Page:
Last month, as Mary Beth Tinker and John Tinker celebrated the 50th anniversary of their landmark legal win on behalf of students’ First Amendment rights, they make connections to today’s student activists and the issues students and citizens of all ages are moved to protest.
These exhibits are yet another reminder that so much of our private lives are now very public in a way that they were not a few decades ago.
Sometimes the voices we most need to hear are voices that the government would rather silence.
The First Amendment and Library Services, brought to you by Theresa Chmara, ALA Publishing eLearning Solutions, and the Office for Intellectual Freedom, will introduce you to the legal principles behind the First Amendment, their practical implications in daily life, and how those principles affect library work.
The critical work of journalists in a democratic society requires protecting freedom of expression. A free press cannot flourish where writers fear censorship or retaliation. How did you celebrate #StudentPressFreedom on Wednesday, January 30?
While it is not a new phenomenon, over the last two years, we have seen a troubling increase in headlines about hate speech or conduct. Here’s a helpful resource for preparing and responding to such conduct.
Today, December 15, 2018, we celebrate the 227th anniversary of the ratification of the Bill of Rights. President Franklin D. Roosevelt established the Bill of Rights Day on this day in 1941 to honor and observe the preservation of our individual rights.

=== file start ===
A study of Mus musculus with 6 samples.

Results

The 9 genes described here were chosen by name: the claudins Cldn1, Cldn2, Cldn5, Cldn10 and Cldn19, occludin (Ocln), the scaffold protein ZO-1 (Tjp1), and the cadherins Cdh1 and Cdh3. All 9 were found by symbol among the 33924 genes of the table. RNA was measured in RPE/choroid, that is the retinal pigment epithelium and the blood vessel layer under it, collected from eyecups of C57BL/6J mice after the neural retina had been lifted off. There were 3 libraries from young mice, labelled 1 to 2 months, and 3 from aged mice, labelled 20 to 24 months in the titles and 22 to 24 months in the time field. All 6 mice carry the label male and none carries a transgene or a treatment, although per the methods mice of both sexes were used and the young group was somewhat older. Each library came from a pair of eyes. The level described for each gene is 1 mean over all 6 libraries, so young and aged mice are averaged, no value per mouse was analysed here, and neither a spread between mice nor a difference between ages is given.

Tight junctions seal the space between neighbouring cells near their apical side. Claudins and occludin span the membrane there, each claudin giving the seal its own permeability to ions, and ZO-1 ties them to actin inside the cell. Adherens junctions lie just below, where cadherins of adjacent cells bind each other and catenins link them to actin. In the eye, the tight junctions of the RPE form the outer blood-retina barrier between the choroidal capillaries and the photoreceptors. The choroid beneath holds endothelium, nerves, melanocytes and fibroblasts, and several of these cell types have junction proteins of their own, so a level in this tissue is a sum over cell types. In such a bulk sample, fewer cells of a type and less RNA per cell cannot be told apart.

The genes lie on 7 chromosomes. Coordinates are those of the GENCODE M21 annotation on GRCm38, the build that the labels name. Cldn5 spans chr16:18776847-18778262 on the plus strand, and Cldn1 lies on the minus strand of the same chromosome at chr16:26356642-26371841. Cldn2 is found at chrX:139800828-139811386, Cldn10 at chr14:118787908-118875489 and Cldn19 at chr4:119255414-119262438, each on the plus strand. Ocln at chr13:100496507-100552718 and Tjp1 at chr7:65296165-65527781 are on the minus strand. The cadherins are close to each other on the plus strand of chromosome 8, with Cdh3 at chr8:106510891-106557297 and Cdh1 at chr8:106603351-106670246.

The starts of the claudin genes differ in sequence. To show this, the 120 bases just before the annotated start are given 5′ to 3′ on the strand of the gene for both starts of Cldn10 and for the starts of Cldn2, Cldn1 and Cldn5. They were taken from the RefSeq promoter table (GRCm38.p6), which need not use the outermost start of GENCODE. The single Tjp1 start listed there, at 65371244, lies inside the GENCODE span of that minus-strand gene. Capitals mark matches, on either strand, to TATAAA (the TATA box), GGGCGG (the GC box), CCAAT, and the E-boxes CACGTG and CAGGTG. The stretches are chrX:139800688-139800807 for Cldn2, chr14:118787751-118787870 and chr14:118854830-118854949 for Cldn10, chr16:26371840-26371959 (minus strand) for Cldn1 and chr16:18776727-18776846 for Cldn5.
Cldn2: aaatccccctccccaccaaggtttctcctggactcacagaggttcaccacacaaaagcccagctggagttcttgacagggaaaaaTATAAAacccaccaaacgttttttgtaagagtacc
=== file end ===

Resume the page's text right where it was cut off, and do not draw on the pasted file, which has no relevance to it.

This third season of More Perfect podcast offers up episodes focused on each of the 27 constitutional amendments, and they have also compiled 27: The Most Perfect Album, with commissioned songs reflecting on each amendment. For intellectual freedom lovers, episode 1 offers a new perspective on the First Amendment, and in episode 3, privacy plays a central role in their discussion of the Ninth Amendment.
Are admissions policies at the world’s most exclusive colleges fair? How do they even determine what “fair” is? And does this presence or absence of fairness affect our intellectual freedom?
One librarian’s reflections on diversity of opinion as it fits within our understanding of intellectual freedom and information literacy.